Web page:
Things You Should Experience Often

3 05 2010

This past weekend we inaugurated GeoCaching Season 2010 with a grand tour of the hill towns where I live.

Though it was 30 degrees at night just a couple days before, by Saturday we were roasting in glorious summer heat. The breeze was hot, the shade was cool, and the soaring trees overhead had finally exploded with foliage. Walking under the canopy was entering the oldest — and newest — cathedral in the world, where all the stained glass is varying shades of green.

We followed trails, read clues, struggled with satellite bounce, and even had occasion to use an honest-to-goodness, genuine, WiFi-free, compass. Nailing seven different caches in one day, and a large pile of cheeseburgers, we spent 8 glorious hours soaking up all the fresh air, sunshine and topsoil we could reasonably absorb without serious threat to health.

It was a great day, and nailed all of the following criteria for Things You Should Experience Often:

• Other than the GPS and the occasional glance at the iPhone for tips, we looked at no screens throughout the day.

• We came upon abandoned ruins (one of my favorite features of New England woods) like Broken Chimney.

• We sweated. A lot. Good, honest, body-cooling, stress-free sweat. We sweated for the reason that humans evolved sweat glands. And it was good.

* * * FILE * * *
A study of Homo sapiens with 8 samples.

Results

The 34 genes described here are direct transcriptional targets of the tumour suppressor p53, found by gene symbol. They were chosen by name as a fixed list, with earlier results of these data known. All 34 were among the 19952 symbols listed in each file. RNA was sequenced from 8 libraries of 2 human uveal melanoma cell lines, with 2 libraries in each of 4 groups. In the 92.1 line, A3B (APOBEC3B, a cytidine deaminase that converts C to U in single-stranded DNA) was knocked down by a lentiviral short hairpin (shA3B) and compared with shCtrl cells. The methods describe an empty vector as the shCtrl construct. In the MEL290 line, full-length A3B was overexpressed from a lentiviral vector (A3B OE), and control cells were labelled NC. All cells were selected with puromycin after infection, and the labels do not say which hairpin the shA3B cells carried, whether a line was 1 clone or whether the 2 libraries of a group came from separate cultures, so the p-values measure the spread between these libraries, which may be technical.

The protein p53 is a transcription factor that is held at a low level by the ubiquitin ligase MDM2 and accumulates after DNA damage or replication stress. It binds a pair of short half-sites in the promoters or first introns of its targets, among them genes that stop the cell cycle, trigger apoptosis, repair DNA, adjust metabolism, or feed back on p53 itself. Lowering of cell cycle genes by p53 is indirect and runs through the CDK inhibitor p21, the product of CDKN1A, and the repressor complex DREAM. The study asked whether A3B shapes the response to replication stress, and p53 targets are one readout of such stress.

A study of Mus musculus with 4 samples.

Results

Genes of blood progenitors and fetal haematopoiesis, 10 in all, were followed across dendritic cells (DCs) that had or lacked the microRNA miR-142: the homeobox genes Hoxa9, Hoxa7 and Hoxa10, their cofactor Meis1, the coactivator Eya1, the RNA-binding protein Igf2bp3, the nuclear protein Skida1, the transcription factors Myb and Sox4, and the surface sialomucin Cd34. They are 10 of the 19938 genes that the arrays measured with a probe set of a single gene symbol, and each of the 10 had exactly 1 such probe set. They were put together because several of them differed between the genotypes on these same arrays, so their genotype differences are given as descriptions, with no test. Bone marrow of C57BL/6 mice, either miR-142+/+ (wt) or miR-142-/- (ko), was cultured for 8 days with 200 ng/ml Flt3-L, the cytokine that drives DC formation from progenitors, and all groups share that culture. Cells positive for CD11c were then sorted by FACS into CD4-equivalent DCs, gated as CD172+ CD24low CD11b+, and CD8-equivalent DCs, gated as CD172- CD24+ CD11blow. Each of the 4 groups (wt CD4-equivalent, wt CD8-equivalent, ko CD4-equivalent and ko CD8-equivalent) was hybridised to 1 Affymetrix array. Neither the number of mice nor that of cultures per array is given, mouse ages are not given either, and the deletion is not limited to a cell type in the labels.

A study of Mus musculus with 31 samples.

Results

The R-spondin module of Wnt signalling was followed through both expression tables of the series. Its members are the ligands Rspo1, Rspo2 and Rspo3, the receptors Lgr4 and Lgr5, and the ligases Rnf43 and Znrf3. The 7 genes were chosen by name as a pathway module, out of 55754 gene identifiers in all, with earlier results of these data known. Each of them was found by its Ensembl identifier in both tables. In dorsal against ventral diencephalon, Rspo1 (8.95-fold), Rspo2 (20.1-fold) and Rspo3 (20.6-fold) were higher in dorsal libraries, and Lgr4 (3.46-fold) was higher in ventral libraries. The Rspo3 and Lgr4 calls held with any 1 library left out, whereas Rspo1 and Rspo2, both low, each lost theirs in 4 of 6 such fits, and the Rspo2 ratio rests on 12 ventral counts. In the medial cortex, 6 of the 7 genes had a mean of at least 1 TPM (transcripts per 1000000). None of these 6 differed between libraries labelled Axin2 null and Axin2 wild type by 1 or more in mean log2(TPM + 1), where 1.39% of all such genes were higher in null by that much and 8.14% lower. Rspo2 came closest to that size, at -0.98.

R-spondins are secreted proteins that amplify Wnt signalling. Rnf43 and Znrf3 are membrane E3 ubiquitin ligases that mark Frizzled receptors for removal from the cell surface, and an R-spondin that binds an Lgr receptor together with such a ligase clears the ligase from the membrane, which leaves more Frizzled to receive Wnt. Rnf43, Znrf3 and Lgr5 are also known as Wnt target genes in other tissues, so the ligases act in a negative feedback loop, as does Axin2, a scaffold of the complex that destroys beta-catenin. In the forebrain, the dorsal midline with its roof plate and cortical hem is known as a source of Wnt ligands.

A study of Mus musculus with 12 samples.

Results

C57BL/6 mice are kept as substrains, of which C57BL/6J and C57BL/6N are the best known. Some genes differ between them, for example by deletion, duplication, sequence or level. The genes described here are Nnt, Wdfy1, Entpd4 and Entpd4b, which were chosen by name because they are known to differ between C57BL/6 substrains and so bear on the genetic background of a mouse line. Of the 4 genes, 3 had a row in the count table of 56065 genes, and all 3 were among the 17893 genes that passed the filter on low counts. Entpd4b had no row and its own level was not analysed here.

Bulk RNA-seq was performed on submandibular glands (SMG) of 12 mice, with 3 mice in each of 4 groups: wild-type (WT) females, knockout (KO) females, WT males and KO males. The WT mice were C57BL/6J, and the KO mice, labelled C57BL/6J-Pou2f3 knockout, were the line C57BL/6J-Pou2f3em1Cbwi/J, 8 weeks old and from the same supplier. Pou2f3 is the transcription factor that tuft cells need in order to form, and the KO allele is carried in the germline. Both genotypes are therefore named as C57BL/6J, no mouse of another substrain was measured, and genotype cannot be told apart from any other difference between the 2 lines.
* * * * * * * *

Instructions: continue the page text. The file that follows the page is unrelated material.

• We got tired. Our bodies started to get weak. Then we pounded water and protein snacks, and charged on to another cache. Again and again, we self-renewed at every turn. Exhaustion was not our enemy. It was our secretary.

• We did things we thought we couldn’t do. We scrambled over rocks; climbed inclines much too steep for us to climb (and got to the top); found things that were too-well hidden; lived the motto “And there is one less thing you cannot do.”

We laughed, we argued, some of us cried, and by the end of the day, there was not one among us who did not feel the day was an unmitigated success.

We ended our day poetically. Down a long, rough, leaf-strewn dirt road, surrounded by dense, towering forest, we came upon an old town cemetery buried beneath layer upon layer of sedimentary silence. The sun had sunk low in the sky by that point, throwing up the first colors of sunset, and night began leaking from the shadows along the centuries-old stone wall.

After a hushed tour of the two dozen-odd headstones, we crept through the gate, over the wall, and dug out our last cache of the day. As we logged our discovery, the fatigue, the noise of the day, the fading glare of the sun, the silence of the cemetery all fell upon us at once. We spoke in whispers, though there was no need. We were surely the only living people in earshot.

Working our way back down the road and on to badly needed baths and well-earned food, everyone had grins plastered on sweaty, dirty, sunscreened, bug repellent-caked faces. We, all of us, had managed to spend an entire day with family and friends, in the sun and the woods, burning calories and building bridges instead of the reverse. The only effort we expended was climbing uphill. We spent little besides energy. What we carried back, though, we couldn’t have found anywhere else.